Personal Finance

5 Money-Saving Tax Tips to Use This Summer


If you think you're done with taxes now and can enjoy not thinking about them until March or April of 2017, think again. To minimize your tax bill next year, there are some smart moves you can make now and in the months ahead. Savvy tax planning doesn't have to take a lot of time, but it's a year-round undertaking. Here are five money-saving tax tips to put to use this summer.


One of the smartest ways to lower your tax bill is to put more money into your tax-deferred retirement accounts, such as traditional IRAs and 401(k) accounts. Since pre-tax money is used to fund these accounts, adding more money now will lower your total taxable income and lead you to pay out less in income taxes next year.

There could be other benefits to increasing your retirement contributions, too. That's especially true if your employer offers a matching contribution to your 401(k) and you are not yet contributing enough to take full advantage of that. As an example, if your company provides a 50% match on the first 6% of your salary, and you are not yet contributing 6%, then you are saying no to free money. Bumping your contribution rate up to that 6% will not only provide you with an immediate 50% return from your employer, but it will also lower your tax bill. That's a huge win!

If you're worried that can't afford an increase, then I'd still advise you to go for it, but start out small. Simply add an extra 1% of your salary to a tax-deferred plan right now and judge for yourself how it goes. My hunch is that after a few paychecks, you'll hardly notice the difference. If so, then add another 1% a few months down the road, and repeat that process as many times as possible. Do that enough times, and you'll be at the maximum level, turning you into a retirement rock star.


A final way you might shrink your tax bill this year is by opening a Flexible Spending Account (FSA) if you're able. These plans are typically offered by employers, with contributions coming out of your paycheck on a pre-tax basis. (That means you're not taxed on them.) For 2016, the limit is $2,550. If you're in the 25% tax bracket and can shrink your taxable income by $2,550, you'll avoid paying nearly $640 in taxes.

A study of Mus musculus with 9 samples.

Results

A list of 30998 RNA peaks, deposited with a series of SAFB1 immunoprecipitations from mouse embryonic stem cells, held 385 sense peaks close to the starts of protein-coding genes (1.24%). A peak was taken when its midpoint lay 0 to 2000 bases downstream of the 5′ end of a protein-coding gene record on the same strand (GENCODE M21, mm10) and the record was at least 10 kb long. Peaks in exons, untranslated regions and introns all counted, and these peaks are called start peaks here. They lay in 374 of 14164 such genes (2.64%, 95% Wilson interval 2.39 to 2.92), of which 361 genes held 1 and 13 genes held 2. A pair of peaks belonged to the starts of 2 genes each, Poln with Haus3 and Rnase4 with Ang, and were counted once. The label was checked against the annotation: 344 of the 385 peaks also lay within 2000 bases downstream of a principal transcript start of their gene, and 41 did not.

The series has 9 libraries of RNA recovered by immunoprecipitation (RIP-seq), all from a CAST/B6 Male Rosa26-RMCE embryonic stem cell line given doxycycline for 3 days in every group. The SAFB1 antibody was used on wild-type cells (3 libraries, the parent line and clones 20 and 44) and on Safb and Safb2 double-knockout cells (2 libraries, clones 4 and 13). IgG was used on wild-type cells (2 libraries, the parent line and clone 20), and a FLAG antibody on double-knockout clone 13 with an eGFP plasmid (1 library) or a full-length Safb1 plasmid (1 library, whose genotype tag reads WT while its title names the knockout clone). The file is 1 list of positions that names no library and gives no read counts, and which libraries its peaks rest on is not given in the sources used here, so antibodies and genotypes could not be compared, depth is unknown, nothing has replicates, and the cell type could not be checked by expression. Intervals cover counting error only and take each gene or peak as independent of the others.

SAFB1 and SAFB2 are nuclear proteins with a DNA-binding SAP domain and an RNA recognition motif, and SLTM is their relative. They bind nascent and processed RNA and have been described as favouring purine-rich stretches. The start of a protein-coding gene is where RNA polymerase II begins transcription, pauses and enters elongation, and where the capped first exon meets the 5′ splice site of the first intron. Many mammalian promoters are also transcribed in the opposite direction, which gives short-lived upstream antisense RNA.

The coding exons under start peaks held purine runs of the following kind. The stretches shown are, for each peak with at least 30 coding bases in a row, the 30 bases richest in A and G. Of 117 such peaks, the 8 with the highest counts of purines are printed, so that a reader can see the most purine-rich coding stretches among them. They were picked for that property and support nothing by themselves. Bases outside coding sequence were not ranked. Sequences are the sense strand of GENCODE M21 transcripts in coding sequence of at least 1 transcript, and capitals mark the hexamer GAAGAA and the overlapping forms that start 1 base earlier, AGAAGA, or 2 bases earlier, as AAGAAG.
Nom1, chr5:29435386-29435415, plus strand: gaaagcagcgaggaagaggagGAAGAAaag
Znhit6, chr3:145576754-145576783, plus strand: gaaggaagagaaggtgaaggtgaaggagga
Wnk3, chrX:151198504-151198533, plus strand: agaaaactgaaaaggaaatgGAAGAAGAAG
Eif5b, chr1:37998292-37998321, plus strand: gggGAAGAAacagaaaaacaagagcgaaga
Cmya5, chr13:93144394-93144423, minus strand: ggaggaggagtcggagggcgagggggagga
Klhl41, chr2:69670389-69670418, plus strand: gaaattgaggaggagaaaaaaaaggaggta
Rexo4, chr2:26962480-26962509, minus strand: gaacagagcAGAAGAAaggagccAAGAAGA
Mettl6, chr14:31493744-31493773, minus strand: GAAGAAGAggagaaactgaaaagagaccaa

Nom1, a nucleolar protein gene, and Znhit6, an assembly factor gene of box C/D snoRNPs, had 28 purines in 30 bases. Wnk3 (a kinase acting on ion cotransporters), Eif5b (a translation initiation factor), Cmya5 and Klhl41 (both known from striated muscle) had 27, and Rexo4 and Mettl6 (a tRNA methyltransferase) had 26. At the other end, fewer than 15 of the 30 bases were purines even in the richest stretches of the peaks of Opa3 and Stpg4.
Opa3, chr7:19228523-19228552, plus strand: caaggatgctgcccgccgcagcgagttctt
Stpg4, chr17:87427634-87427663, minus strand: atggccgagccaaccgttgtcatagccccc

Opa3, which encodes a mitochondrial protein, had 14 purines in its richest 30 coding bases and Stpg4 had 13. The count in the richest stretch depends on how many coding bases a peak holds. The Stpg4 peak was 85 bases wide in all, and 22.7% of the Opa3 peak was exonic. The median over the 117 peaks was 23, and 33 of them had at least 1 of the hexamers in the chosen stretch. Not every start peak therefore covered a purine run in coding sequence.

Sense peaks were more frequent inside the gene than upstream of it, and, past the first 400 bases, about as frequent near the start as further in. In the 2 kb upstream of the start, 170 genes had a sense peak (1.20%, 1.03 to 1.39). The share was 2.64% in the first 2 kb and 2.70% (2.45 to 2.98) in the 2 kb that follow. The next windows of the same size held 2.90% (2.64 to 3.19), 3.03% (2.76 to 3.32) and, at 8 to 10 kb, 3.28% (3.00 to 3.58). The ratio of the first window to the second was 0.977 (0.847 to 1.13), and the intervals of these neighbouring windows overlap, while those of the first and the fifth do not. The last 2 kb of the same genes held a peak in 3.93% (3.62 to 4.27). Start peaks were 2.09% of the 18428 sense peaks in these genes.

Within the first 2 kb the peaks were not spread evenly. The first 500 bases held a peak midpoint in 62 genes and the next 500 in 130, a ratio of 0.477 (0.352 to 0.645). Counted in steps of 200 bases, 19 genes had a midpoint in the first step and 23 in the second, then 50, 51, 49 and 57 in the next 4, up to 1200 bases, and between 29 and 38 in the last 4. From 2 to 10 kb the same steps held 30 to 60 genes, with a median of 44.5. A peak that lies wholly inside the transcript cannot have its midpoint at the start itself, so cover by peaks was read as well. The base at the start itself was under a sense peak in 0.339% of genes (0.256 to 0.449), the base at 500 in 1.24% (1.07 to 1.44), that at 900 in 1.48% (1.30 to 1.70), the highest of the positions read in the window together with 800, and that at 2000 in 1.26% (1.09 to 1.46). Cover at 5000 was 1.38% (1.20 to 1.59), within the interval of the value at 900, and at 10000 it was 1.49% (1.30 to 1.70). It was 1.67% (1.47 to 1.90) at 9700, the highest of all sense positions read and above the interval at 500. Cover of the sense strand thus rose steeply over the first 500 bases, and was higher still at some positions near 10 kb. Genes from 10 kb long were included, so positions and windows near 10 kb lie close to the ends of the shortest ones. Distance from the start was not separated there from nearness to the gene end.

There are several varieties of FSAs. A healthcare FSA (not to be confused with a Health Savings Account, or HSA) lets you sock money away for healthcare expenses, while others focus on dependent care expenses (such as day care) or adoption expenses or health insurance premiums. With a healthcare FSA, the money you contribute to the account can be used tax-free on qualifying healthcare expenses, such as: birth control pills, breast pumps, chiropractor services, dental work, drugs, eyeglasses, fertility treatment, hearing aids, optometrist services, psychiatric care, smoking cessation programs, some weight-loss programs, wheelchairs, wigs, X-rays, and more. Expenses that miss the mark include cosmetic surgery, diapers, gym memberships, electrolysis, many nonprescription drugs, nutritional supplements, teeth whitening, and veterinary services.

An FSA has a significant drawback, though: It's use-it-or-lose-it with the money you contribute each year. The rules were recently relaxed just a little so that now your employer may choose to extend the spending deadline by up to 2-1/2 months or permit you to carry over up to $500 to spend in the following year. It might not offer either option, though, so learn the rules for your particular account. Also, you generally have to set up an FSA during your employer's open enrollment period, so find out when that is.

Take some action now and you can save hundreds or thousands of dollars in taxes.



The views and opinions expressed herein are the views and opinions of the author and do not necessarily reflect those of Nasdaq, Inc.